CENTCOM commander: '4 or 5' U.S.-trained Syrians fighting Islamic State

By Ryan Maass  |  Updated Sept. 16, 2015 at 4:29 PM

"It's a small number," Gen Austin said, "we're talking four or five."

Sen. Kelly Ayotte, R-N.H., was not impressed.

"Let's not kid ourselves," Sen. Ayotte said, "that's a joke."

Gen. Austin spoke at the Senate's Armed Services Committee, and conceded the number of U.S.-trained Syrians in the fight against the Islamic State, which is also identified as Daesh and by the acronyms ISIS and ISIL, falls drastically short of the goal to arm a fighting force of 15,000. Defense Under Secretary for Policy Christine Wormuth added the program currently in place to build that force is only training between 100 to 120 fighters.

Sen. Claire McCaskill, D-Mo., disappointed at counting recruits "on our fingers and toes," noted that "we had envisioned 5,400 by the end of the year."

The program isn't cheap either. Training a single Syrian fighter reportedly costs about $4 million. A budget of $500 million was requested in 2014. Obstacles to the program's success include the difficulty in finding "moderate" Syrian rebels that can clear the military's screening process, and are more concerned with fighting IS than with fighting President Bashar Assad. Many rebels who expressed interest in the program were left confused as to whether or not they made it through the Pentagon's vetting system.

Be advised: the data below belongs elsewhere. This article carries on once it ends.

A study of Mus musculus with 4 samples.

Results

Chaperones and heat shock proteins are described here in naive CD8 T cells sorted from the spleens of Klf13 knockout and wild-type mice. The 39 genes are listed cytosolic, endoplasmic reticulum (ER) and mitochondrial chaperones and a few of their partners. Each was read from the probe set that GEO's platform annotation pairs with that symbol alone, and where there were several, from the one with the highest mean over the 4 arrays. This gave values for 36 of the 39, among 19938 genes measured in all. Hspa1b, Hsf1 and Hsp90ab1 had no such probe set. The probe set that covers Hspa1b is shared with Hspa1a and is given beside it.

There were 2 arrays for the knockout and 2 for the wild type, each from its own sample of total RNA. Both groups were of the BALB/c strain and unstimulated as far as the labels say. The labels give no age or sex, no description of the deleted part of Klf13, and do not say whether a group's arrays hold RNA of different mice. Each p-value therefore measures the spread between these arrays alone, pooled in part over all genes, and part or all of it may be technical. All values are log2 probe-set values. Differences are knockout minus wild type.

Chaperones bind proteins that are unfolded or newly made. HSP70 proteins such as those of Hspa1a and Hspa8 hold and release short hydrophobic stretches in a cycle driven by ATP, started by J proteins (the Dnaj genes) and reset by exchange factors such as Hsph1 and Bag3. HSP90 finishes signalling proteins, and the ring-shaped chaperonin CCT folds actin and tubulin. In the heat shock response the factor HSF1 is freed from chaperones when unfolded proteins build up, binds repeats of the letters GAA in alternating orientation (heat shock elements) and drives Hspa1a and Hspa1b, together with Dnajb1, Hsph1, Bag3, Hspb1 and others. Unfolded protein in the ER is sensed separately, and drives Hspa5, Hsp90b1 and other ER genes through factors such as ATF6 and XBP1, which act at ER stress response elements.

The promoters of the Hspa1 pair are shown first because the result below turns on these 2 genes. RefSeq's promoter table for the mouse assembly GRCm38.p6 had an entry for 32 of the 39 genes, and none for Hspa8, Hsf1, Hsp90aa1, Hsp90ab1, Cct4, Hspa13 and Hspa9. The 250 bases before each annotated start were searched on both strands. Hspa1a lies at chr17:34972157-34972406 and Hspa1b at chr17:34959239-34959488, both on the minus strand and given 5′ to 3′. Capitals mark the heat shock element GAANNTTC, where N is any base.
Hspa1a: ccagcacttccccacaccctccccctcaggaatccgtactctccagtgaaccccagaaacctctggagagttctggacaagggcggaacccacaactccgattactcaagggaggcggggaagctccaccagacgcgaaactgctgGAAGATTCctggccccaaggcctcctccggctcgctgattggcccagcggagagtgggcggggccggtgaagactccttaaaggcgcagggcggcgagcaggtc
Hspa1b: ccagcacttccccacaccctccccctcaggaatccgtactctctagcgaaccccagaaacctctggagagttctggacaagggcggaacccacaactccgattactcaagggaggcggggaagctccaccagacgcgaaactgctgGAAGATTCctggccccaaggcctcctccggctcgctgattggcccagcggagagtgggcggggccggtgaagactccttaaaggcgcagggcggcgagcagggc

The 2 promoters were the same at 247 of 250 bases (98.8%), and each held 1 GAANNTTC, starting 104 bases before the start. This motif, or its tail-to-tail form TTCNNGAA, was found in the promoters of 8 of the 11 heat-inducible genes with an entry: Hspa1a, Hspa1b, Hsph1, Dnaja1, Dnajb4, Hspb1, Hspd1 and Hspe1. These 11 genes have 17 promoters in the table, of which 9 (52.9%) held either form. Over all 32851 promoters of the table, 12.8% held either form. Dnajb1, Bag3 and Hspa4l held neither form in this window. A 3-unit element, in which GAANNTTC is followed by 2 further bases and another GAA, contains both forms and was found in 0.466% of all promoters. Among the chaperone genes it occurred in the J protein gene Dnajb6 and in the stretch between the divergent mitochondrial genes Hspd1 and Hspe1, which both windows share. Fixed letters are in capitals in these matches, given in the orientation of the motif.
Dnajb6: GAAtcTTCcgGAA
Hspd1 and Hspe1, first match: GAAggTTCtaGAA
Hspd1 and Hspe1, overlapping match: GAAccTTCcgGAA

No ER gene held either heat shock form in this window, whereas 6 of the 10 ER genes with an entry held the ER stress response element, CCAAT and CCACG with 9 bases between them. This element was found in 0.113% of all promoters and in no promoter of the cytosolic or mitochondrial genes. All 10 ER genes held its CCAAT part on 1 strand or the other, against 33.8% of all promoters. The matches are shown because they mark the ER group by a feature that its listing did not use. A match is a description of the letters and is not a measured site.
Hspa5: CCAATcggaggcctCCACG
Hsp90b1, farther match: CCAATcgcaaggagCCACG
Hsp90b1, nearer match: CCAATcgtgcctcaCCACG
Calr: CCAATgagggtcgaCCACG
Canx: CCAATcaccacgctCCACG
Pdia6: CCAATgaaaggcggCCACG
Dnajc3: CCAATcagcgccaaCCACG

Another obstacle is a simple lack of faith in the program by Syrian rebels, many of whom question the level of U.S. commitment to the cause.

Gen. Austin expects the number of U.S.-trained fighters in Syria to grow over time. The first group in the program was reportedly scattered in a fight, with many of its members being kidnapped. Gen. Austin the Department of Defense is currently reviewing the program's effectiveness.